What: Macbeth by William Shakespeare
Who: Royal Shakespeare Company (RSC)
Where: Royal Shakespeare Theatre, Stratford-Upon-Avon
When: 20th March 2018
When a familiar play opens and you see characters normally associated with adults being played by pre-teen girls, it is difficult to stifle an inward groan. But, in actuality, this production of Macbeth is very strong indeed and is one which you should hunt for tickets for. It really does have an awful lot to commend it. This is a taut, energetic production with some exceptional acting.
I’ll explain the quirky nature of the “weird sisters” in a moment but first let’s turn our attention to the successful casting of the play’s two leads.
Macbeth is played by Christopher Eccleston. Now very few people will hear that name without asking whether he is the actor who was Doctor Who before David Tennant (who has some considerable RSC successes of his own under his belt, of course) and yes, it is that one.
Now, I’ve found some of Mr Tennant’s work – notably in the RSC’s Richard II in 2013 – a little one dimensional but here in Eccleston we have a character-interpreter strong enough to rival Tennant’s early work in Hamlet. We believe that he is scared by the witches. We are convinced that he is so enthralled by his wife’s ambition as to become persuaded that he should kill Duncan. We see how his later meeting with the weird sisters gives a sense of invincibility. And he almost gains a full house in the way his confidence drains when he finds that Macduff is “not of woman born”. This final scene is perhaps a little rushed or eaten up by the intense action to allow him to explore the characterisation as much as he does the other traits.
If Mr Eccleston has an equal in this cast (and I believe he does), it is very much Niamh Cusack in her return to the RSC. She brings everything that is needed to the role of Lady Macbeth. She is introduced into the play full of bounce and energy and excitement. She is alluring, sexual, and flirtatious as she persuades her husband to regicide. She toughens and hardens when she sees her husband’s flaws and weaknesses and returns daggers that he has mistakenly carried bloody from the King’s bed-chamber.
After a veritable rainbow of emotions, we see her, at the last, convincingly disturbed and insane and ready to commit suicide. It will be hard to find a better Lady Macbeth than this. There will be other interpretations but for the road that Ms. Cusack has chosen to take the character down, this is pretty near flawless.
Other strong performances? Well, first we must turn to Michael Hodgson’s version of the Porter. I played this role myself last year and this is a very different performance than mine but it is a crucial linking point for the director’s (Polly Findlay) viewpoint of the play. Mr Hodgson is used in nearly all the scenes of the play as opposed to in the original script where the Porter is the slightly sinister and entirely comedic link preceding the revelation of Duncan’s death to the wider cast. Here, he is mostly a silent witness counting the number of those who die and monitoring the large digital clock which is counting down the time until Macbeth ceases to hold sway. Also he is used as a substitute for some of the small characters – a linkman for others to engage in dialogue with.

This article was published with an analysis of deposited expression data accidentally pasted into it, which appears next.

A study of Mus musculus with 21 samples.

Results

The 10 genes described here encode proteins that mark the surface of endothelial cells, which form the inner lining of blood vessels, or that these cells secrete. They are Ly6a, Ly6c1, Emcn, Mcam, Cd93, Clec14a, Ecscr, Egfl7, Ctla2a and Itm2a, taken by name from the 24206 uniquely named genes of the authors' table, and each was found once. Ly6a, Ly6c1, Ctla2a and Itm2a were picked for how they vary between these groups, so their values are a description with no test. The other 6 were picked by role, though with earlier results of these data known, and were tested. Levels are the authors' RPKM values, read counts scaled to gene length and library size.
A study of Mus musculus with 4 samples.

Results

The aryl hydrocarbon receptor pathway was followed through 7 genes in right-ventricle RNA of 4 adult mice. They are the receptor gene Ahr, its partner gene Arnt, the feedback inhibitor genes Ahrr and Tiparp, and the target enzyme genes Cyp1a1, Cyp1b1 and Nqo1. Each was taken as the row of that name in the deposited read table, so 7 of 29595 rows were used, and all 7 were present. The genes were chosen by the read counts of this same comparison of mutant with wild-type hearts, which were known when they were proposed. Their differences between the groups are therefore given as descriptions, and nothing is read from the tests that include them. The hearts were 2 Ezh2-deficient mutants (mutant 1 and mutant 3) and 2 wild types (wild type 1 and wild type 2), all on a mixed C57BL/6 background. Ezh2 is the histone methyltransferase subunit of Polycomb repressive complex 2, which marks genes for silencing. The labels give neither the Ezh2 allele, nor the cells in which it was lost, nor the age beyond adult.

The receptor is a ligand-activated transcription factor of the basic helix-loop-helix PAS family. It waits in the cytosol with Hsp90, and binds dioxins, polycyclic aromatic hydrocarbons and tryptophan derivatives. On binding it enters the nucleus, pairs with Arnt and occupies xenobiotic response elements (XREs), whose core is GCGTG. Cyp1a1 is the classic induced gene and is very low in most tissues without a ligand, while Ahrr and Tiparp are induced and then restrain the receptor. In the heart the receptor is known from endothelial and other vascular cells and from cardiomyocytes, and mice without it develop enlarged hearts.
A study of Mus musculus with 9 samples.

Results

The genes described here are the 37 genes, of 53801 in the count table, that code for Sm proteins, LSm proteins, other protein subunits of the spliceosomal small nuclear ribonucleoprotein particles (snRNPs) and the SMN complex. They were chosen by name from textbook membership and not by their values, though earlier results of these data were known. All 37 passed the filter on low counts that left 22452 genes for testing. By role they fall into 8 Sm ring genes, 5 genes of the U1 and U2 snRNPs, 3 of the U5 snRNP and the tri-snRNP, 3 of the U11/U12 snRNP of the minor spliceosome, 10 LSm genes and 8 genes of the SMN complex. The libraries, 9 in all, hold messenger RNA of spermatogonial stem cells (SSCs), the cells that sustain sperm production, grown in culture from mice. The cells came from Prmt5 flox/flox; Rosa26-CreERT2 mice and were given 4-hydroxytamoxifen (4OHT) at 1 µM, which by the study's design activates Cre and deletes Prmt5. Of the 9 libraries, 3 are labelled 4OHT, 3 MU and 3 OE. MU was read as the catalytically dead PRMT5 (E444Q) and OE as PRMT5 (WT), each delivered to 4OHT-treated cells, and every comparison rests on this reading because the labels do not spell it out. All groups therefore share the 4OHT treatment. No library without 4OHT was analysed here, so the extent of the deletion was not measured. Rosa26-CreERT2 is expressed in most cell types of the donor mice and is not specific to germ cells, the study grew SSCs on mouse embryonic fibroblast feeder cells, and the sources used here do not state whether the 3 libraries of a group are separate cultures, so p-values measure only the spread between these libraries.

That large digital clock is a central point of what otherwise is quite a simple stage design particularly by contrast with some of the very elaborate stagings that the RSC budget has allowed for in recent years. It emphasises that, in the view of the director and company, time is very central to Shakespeare’s ideas in this play. As is the usual peculiar feature of the RSC’s theatre programme booklet, an expert has been commissioned – in this instance Professor Emma Smith of Oxford University – to ram home the idea so that we simple viewers do not miss it. Having watched the clock and read the essay, I can see that it is one of many potential themes if not as central as the director would like us to see it. It is though a useful tool which gives a solid direction to the plot – and is much more convincing than the “central” ideas that have been floated in some other recent RSC productions.
Edward Bennett is a mixed bag as Macduff. Mr Bennett has a good history with the RSC with strong roles in Love’s Labour’s Lost and the mis-titled Much Ado About Nothing pairing of a few years ago and rather made his name with a very creditable understudy call-up for David Tennant in the aforementioned Hamlet when Mr Tennant was absent because of a physical injury. His closing scene opposite Macbeth is very good but earlier when he slouches around in a cardigan opposite Luke Newberry’s Malcolm who is dressed in a cheap suit, he is part of a scene which rather sees much of the production’s energy temporarily evaporate.
Peculiarities? David Acton’s Duncan is more elderly than he needs to be – and wheelchair-bound – particularly bearing in mind the youth of his eldest son, Malcolm.
And then back to those weird sisters. The witches are played by young schoolgirls holding dollies. Their voices add a ringing weird-ness to the idea but their youth means that much of the witches’ speeches must be eliminated. This along with some other cuts means that the whole production (less the interval) clocks in (pun intended) at only a fraction over two hours which is a shame because this is such a good production.
But I meander. Please don’t let my cautious notes take away from the fact that this is an exceptional piece of theatre with two sterling lead actors as its strongest suit.